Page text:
That is good point & something I find very consistent with my own experience, as someone who moved a lot (every 5 years or so on average). You think you will be doing this or that, but in reality find yourself pretty tied to place of residence
What really came out of all this discussion is that transport is far bigger issue than I perhaps thought. So let me ask 1 more thing: How much of a gong-show is Nanaimo - Horseshoe Bay ferry? I took that one several times but as a tourist who basically doesn't care. Is it similar to Horseshoe - Gibsons, or better?
I live in the lower mainland but travel to the Island a few times/year and I grew up on the Island so I've taken that ferry many many times.
Nanaimo used to be more of a problem but then they built the Duke Point terminal a few years ago so now there is one terminal (Departure Bay) dedicated to the Horseshoe Bay route and one terminal (Duke Point) dedicated to the Tsawwassen Route.
If you are willing to take an early ferry or a late ferry or pay for a reservation, it's pretty seamless. Towards the end of the day on a busy day the schedule does slip a bit. Long weekends get busy but keep in mind that you will be going against the flow. For example, all the reservations are sold out for Horseshoe Bay to Nanaimo this Friday but there are still multiple sailings with reservations available for people going from Nanaimo to Vancouver.
The problem with the ferry system is that everyone wants to ride the boat on a long weekend but we obviously can't afford to buy 10 extra boats that will only work 6 days/year. As an Islander (and can I infer that you won't be tied to a M-F 9-5 work schedule?), you can just choose to go at the non-busy days. They even have some sailings with cheaper rates if you go off-peak. I've been on a ferry where I think there were only about 15 cars (on the full size boat!)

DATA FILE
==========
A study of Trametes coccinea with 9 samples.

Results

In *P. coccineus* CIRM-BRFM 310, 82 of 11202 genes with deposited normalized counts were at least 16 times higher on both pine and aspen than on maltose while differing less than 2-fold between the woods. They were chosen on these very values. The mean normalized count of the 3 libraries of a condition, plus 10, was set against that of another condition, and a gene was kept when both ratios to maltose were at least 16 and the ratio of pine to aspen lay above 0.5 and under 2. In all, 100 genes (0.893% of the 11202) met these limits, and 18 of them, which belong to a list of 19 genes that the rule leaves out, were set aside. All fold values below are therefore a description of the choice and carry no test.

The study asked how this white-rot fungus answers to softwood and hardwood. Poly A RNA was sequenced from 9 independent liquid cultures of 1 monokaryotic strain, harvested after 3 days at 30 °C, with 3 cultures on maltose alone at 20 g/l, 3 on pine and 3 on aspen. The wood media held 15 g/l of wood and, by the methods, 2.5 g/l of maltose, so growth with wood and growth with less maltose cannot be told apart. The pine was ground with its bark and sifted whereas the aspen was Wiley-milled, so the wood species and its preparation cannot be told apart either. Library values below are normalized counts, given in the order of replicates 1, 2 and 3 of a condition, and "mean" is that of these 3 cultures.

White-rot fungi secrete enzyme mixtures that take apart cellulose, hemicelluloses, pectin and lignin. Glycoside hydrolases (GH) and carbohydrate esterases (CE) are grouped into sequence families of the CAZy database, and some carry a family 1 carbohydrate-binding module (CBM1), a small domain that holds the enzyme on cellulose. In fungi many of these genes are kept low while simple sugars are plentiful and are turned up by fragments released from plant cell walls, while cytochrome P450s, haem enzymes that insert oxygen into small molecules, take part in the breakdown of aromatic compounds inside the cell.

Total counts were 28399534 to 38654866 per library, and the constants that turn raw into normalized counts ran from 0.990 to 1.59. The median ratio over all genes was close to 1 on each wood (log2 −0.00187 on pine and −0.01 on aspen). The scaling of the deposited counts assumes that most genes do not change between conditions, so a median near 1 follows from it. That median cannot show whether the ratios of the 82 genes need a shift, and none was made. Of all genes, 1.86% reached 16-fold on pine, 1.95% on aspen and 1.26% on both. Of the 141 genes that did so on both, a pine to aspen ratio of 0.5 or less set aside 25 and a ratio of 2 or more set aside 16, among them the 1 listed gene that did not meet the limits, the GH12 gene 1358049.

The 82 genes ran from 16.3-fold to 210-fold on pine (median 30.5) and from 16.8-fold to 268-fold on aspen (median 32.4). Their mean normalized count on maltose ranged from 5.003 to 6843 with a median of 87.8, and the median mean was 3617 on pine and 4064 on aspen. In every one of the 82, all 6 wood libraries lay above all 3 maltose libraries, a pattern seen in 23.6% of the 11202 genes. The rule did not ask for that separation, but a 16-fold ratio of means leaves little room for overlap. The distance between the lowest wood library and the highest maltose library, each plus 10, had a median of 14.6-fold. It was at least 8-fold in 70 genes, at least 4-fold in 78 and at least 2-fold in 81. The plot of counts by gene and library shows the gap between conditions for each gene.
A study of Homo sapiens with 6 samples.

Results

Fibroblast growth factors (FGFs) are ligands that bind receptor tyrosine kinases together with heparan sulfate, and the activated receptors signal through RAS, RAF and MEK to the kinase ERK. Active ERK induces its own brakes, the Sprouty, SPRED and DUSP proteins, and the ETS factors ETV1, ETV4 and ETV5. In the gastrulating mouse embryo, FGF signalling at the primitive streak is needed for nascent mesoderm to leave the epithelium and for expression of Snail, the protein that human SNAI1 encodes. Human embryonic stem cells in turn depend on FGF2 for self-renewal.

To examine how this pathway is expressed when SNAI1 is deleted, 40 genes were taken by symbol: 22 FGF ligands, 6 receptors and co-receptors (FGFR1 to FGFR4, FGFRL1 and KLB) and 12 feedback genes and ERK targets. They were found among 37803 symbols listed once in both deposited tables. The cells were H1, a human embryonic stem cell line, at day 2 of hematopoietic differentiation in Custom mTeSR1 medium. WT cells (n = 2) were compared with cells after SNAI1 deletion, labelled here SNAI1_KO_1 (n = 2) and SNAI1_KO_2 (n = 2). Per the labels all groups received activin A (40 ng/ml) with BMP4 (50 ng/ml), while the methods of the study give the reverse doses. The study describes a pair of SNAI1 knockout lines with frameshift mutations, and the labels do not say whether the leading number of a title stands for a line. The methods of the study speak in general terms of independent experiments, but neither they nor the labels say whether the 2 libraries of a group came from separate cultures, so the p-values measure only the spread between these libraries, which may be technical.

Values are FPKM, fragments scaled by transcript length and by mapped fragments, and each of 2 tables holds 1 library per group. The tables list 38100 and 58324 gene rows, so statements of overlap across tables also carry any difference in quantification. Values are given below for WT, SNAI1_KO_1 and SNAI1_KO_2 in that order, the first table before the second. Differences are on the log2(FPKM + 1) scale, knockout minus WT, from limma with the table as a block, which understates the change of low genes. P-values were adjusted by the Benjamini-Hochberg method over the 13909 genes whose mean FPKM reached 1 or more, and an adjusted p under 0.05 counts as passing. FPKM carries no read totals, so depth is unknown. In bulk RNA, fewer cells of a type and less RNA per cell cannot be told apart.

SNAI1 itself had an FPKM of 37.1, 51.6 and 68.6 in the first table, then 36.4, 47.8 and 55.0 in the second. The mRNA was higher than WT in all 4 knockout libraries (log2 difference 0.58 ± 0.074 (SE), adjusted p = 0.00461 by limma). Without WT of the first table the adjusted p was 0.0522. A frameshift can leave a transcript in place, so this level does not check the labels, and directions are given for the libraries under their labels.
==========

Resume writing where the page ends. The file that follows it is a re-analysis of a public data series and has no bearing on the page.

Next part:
The cost does become a real issue though if you are going with a vehicle.
How many times/year do you think you will want to get to the mainland?
Edit to add:
Keep in mind that the reservations only apply to vehicles and that even if reservations are sold-out, they do leave some first-come first-serve deck space. Passengers rarely face sailing waits.. but on a busy weekend if can get hard to find parking - I don't know how often the parking fills up.
The key thing is to just avoid the busiest days or to plan ahead and catch an early boat with a reservation.
They publish some charts showing the busiest times.